Monday, May 10, 2010

Army Painter Quickshade

I've taken the plunge and bought a tin of Army Painter Quickshade - Strong, after seeing the results on other blogs and have experimented with it on one of my French HaT line battalions. It seems to engender strong opinions, but I thought I'd give it a go anyway. I'm still not convinced that it's more economical or more effective than a bigger tin of varnish from the hardware store, but I'll look into that in the future.

I found that the best way to spread it after dipping wasn't the prescribed flicking, but blowing on it after letting the excess drip into the can. I tried the suggestion of holding it with pliers while dipping and flicking, but obviously that's what you should do with metal figures, not plastic. The base of the first figure got a bit mangled by the pliers. The pictures in this posting compare one 12-figure battalion which has been dipped, with one that hasn't. I've then compared a close up of 2 of the same pose.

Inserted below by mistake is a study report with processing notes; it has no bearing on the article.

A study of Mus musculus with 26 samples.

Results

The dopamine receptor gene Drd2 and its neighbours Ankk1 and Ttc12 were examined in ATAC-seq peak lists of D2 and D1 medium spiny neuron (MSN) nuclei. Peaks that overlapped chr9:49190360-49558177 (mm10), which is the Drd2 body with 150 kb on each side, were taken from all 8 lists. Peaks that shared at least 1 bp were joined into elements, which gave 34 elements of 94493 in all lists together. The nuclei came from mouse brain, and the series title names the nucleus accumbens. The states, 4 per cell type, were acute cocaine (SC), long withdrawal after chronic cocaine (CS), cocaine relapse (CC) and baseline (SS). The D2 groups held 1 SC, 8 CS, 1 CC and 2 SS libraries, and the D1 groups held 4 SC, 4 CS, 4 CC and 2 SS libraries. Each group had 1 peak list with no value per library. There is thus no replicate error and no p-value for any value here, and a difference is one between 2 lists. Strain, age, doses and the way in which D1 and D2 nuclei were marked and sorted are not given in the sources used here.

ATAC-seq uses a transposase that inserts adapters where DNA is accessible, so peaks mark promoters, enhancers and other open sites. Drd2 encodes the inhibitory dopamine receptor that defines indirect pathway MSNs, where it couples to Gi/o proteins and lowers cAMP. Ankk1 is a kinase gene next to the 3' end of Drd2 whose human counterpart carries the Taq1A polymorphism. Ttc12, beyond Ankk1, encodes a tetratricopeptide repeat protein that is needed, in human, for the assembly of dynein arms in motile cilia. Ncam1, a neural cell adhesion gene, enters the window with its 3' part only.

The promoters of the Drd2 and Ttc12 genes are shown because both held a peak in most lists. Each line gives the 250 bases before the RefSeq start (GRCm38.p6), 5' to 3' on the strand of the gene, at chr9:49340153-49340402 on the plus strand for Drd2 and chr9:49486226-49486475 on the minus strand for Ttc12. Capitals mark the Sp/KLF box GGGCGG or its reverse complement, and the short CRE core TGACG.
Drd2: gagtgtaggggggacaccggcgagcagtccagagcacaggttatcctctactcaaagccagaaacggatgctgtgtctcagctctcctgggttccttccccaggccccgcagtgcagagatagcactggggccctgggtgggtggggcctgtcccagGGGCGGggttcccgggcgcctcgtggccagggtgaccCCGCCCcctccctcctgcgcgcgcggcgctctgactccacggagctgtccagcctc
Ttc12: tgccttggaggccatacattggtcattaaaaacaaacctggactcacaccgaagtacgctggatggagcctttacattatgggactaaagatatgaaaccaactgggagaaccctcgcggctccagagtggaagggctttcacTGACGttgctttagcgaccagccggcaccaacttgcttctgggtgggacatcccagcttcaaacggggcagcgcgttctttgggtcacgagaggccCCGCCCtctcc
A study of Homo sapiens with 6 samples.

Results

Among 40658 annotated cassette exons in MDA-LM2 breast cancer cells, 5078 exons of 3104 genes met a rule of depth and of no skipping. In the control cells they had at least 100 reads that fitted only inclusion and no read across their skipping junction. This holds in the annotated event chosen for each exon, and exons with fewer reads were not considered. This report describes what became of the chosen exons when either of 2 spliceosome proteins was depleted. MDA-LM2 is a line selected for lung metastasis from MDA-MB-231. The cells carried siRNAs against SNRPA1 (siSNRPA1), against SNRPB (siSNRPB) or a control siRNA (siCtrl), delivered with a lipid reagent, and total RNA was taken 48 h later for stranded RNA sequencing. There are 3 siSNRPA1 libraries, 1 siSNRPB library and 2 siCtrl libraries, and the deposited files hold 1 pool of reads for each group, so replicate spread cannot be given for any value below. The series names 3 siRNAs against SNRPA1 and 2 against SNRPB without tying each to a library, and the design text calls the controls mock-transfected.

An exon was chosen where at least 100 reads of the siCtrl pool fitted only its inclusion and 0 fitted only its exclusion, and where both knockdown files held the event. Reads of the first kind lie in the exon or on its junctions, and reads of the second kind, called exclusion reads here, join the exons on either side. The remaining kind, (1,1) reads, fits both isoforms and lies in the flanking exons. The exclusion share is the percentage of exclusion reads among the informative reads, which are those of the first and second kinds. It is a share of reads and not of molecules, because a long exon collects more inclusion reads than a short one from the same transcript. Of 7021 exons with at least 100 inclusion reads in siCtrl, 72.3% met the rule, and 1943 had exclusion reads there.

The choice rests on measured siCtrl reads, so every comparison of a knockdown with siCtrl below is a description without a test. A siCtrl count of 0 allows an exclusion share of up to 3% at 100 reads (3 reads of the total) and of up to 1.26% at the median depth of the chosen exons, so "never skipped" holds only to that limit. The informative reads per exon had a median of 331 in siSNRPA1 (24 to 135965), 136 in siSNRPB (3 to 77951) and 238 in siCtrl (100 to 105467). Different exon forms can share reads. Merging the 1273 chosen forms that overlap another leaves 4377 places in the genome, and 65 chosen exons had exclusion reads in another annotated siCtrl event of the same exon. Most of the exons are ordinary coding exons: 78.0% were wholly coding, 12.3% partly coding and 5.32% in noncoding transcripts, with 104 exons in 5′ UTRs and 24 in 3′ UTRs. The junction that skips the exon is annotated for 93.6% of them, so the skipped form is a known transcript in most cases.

I know it's not to everyone's taste, but I quite like the effect it gives, especially for the skin. It defines the creases and folds of cloth well too. I like my figures to look a bit campaign-worn and not too shiny and new, so I think I'll keep on dipping the rest of my collection.

Dipped battalion.
Feeling a bit light headed after all that huffing and puffing!

Undipped comparison

Front view comparison. Left undipped, right dipped.
Left figure has light brown over-trousers, while the right figure has white trousers dirtied by the dipping process.

Rear view of the same pair


  1. One alternative that works well for me is matt polyurethane varnish from Bunnings mixed with a little brown acrylic paint. It matts, darkens and highlights the folds and creases all at the same time. It also gives a slightly muddy weathered effect that looks good.

    It looks like you're getting a similar muddy effect on the lighter trousers of those figs.

  2. Good idea, Zardoz. I might try that once I run out of Army Painter. However, I do like the fact that it's all pre-mixed so the tone is consistent.

    Yours is an all in one process, though, which has its attractions, because with Army Painter, you then need to apply a matt coating afterwards, because it is VERY glossy.